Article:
Workers Compensation Laws & the Workplace
Unless a business is located in the state of Texas, the business (or place of employment) may be required to provide workers compensation insurance for injuries and accidents employees may incur while on the job. Texas is the only state in the union that does not require employers to provide such insurance.
Workers compensation insurance covers an employee’s medical expenses and lost wages. It may also provide benefits for dependents of workers who are killed on the job due to work-related accidents or illnesses.
Every state has its own set of workers compensation laws. Some states have statutes protecting employers by limiting the amount an injured employee may recover from an employer. Some state laws protect fellow employees by eliminating any liability on the part of co-workers for most accidents.
Every state also has its own statutes mandating the amount of workers compensation insurance an employer must maintain. Each state also has statutes determining the percentage of the employee’s salary the employer must pay if the employee misses work due to a work-related injury or illness.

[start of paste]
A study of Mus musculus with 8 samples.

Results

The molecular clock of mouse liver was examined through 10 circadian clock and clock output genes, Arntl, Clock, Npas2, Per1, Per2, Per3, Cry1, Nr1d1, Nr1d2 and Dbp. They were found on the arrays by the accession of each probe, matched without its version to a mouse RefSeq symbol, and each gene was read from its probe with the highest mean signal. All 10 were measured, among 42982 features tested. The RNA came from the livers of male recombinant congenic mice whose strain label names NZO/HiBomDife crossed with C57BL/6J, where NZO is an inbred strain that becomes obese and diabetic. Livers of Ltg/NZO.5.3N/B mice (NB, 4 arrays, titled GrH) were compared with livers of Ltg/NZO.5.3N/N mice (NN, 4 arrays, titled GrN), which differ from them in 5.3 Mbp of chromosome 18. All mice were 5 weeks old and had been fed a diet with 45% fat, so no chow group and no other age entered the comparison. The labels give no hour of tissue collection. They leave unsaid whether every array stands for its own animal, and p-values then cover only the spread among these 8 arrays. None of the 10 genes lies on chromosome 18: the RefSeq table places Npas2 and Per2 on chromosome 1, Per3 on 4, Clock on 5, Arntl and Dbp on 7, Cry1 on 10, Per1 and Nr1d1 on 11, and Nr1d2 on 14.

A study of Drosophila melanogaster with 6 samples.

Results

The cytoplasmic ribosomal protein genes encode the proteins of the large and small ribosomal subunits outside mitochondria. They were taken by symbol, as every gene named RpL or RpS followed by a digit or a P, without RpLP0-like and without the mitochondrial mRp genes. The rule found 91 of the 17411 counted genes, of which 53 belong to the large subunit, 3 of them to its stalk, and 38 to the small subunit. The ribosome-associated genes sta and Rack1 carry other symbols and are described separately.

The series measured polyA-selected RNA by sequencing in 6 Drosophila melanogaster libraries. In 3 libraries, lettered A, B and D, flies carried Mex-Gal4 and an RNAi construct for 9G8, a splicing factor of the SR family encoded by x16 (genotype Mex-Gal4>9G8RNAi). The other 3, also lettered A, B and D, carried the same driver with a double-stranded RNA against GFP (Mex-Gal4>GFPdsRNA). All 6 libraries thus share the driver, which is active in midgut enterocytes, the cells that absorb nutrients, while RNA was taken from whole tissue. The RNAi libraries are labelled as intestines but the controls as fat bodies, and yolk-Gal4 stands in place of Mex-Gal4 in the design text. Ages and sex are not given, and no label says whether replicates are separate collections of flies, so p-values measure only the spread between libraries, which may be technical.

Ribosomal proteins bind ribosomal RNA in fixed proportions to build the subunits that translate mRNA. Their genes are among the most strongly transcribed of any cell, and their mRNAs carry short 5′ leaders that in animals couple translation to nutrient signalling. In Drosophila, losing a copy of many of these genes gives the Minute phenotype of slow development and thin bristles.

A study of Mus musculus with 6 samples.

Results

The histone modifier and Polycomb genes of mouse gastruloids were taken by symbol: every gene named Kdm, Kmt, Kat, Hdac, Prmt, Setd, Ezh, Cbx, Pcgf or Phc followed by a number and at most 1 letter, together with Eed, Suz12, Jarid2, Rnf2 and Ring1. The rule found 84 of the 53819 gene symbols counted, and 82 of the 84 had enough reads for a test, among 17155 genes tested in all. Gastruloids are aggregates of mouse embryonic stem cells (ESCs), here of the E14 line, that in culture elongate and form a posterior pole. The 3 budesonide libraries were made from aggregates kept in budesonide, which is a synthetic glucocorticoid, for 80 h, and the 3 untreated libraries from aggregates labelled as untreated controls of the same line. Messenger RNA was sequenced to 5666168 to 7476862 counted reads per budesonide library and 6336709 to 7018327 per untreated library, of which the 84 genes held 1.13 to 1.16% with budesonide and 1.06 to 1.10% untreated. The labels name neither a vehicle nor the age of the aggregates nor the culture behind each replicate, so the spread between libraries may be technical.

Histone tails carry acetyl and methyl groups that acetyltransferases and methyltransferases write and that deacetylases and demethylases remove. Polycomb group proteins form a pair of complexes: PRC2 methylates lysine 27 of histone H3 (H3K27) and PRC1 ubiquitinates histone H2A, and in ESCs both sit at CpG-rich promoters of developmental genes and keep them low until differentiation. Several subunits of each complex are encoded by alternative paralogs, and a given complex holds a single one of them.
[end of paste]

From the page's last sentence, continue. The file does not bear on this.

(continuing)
Some states allow employers who meet minimum payroll levels or a sufficient number of employees to forego maintaining workers compensation insurance and be self-insured, meaning they pay any claims out of pocket.
Some states also allow smaller employers, typically with 5 or fewer employees, to be exempt from the requirement of maintaining workers compensation insurance.
In addition, not all states require all employees to be covered by workers compensation insurance. Exempt employees may include business owners, independent contractors, domestic household workers, agricultural workers, maritime or railroad employees, and unpaid volunteers.